LACONIA — Some people probably thought Pleasant Street School Principal Dave Levesque was a little bit off his game when in late 2014 he recommended bringing a group of total stranger teachers into his classrooms to learn why some of students weren't thriving.
But with the support of Academic Coordinator Gail Bourn and Asst. Superintendent Kirk Beitler, that's exactly what Levesque did and the number of students who met growth targets in math jumped from 46.6 percent at the start of 5th grade to 83.6 percent by the end of the school year.
All Levesque needed to do was go to Harvard University and learn about "instructional rounds", which sounds like something that might take place at a hospital.
An instructional round in the education field is nothing more than inviting a group of educators from a different school district to critically observe a classroom and jot down what they see the students doing. A group of six Pleasant Street School educators, including Levesque and Bourn spent two weeks at Harvard learning what kinds of problems could be addressed, what specific behaviors to look for, and what kinds of questions to ask the students. They brought their training back to their teachers who observed other schools.
Laconia joined Manchester, Pembrook and Allenstown as a school with a group of people trained in the Harvard program.
Bourn and Levesque explained that the difference between the instructional rounds model and the traditional model is that the teachers themselves identify the problem and then, with the data collected by teachers from other districts, come up with their own solutions. Levesque said the rounds and their observations are teacher-based and not a top-down effort. Every classroom, including Special Education and Title 1, was evaluated.
At Pleasant Street School, which was the first school in Laconia to get the instructional rounds training, the teachers identified the What I Need (WIN) time, which is time set aside for small group instruction, as something that wasn't being used effectively.
A group of visiting teachers trained in instructional rounds came to Pleasant Street School to observe the WIN times in the fifth grade and they collected unbiased and comprehensive data. They observed the students and asked them questions about what they were learning and if it excited them to be learning it. If not, the outside team asked the students what they thought would make it more interesting.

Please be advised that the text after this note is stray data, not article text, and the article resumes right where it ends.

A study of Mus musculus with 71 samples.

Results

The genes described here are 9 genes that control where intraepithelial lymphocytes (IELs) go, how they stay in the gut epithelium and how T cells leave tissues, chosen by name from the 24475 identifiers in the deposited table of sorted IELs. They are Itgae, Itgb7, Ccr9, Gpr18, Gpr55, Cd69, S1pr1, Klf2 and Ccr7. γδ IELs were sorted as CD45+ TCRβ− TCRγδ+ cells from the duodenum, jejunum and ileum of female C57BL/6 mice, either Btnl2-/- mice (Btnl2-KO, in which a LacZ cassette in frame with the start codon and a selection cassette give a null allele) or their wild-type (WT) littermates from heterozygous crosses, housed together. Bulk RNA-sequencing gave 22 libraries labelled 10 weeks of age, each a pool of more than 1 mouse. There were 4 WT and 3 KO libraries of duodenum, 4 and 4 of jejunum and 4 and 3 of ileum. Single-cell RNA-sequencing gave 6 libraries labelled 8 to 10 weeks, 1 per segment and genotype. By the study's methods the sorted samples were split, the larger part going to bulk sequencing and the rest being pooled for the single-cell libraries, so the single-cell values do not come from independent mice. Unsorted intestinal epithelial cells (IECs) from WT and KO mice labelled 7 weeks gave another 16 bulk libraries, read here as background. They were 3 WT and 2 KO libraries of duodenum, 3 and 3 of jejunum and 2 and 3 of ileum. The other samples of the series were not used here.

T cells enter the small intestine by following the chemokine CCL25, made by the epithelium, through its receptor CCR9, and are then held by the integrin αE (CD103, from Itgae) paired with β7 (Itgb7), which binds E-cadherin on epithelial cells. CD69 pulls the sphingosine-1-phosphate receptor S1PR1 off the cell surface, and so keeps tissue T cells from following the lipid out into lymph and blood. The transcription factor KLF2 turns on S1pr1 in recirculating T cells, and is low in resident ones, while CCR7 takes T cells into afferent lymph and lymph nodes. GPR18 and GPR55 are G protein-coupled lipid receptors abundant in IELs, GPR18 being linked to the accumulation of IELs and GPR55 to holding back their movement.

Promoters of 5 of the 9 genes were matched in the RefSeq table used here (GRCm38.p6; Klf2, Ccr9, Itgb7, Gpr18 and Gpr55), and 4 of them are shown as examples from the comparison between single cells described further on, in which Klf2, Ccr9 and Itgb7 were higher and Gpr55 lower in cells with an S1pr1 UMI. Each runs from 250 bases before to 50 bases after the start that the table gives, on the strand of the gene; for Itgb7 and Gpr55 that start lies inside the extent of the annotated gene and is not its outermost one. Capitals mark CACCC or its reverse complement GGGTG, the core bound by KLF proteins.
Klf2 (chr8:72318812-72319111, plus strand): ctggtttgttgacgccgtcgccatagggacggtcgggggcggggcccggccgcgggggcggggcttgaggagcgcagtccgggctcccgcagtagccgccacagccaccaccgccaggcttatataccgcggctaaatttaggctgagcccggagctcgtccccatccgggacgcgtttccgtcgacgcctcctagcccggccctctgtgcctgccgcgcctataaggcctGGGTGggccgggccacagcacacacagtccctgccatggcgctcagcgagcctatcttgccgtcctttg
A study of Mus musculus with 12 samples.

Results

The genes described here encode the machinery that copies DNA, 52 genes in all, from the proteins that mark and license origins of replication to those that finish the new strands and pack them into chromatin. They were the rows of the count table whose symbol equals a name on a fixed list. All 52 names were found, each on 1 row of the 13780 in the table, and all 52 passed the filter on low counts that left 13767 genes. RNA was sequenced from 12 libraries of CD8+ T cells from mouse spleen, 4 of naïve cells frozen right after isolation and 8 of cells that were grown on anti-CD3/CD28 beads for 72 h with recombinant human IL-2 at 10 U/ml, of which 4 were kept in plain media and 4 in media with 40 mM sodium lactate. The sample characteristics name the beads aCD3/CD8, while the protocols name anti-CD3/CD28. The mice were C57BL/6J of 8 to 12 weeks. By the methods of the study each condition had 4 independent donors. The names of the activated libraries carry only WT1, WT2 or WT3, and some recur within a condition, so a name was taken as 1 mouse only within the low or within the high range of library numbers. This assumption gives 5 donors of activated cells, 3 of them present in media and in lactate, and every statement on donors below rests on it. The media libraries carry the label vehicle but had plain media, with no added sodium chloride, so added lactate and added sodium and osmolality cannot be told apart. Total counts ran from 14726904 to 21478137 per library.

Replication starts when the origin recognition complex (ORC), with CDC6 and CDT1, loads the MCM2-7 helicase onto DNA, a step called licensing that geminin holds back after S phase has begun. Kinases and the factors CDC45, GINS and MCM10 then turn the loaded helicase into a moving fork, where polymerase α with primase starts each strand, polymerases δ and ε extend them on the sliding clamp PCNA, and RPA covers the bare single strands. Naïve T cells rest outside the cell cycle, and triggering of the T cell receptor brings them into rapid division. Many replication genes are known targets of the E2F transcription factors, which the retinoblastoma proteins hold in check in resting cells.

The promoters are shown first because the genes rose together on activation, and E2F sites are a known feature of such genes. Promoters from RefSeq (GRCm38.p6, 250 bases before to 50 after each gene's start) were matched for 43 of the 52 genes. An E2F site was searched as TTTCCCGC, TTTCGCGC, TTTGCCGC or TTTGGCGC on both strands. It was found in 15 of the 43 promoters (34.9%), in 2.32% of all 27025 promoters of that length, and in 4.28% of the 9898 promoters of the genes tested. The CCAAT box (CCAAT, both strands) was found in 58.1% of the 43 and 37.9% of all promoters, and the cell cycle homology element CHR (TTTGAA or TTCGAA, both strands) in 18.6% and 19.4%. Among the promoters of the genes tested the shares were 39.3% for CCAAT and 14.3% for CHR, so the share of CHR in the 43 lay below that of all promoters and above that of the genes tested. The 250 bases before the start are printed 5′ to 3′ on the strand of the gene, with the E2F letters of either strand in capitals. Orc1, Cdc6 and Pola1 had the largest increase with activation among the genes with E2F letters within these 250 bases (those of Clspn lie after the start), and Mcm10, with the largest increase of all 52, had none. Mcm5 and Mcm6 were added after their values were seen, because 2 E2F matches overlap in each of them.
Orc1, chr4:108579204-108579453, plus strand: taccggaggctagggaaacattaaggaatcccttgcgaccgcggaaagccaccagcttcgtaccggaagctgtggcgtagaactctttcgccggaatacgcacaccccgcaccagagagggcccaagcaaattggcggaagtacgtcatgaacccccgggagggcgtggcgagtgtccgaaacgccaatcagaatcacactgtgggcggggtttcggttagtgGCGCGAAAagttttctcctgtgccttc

For example said Bourn, in one math class, WIN time observers noticed that nine children got a drink, a few were doodling, and a few didn't seem to be participating at all.
"They weren't engaged," said Bourn, who said Laconia's teachers needed to figure out why and change it.
What they learned from the data was that the teaches weren't always seeing the distinction between the entire classroom and small groups. She also said the use of WIN time was different in different classrooms and the students wanted more consistency.
"The rounds were grounded in facts," said Bourn. The after-action was that the the teachers built a common language and created a common goal — narrowing the focus of how the 30 minutes of blocks of WIN time would be used.
Bourn said the district offered after-school professional development to its teachers and 90-percent of them participated. She said they worked the problems out collectively and came to a consensus as to how to better use the time help the students who needed a little more attention and how to keep the students who didn't need extra assistance engaged in school work.
As an additional benefit, she said teacher evaluations improved after they had the outside rounds of observers give them the facts that allowed them to better help individual students.
Levesque said that as "nerve-wracking" as it was to have strangers evaluating the classrooms in the beginning, the Pleasant Street School teachers now welcome the second set of eyes. By the end of school year 2015, 13 of the 15 classrooms at the school met their student growth targets.
The next step for the instructional rounds is to expand it to Elm Street School and eventually bring it to Woodland Heights and the Middle School.
Levesque also said that because Laconia was one of the pioneer districts in instructional rounds, other school districts are looking to Laconia for help in establishing WIN times and using Laconia's teachers to get some training for their own instructional rounds programs.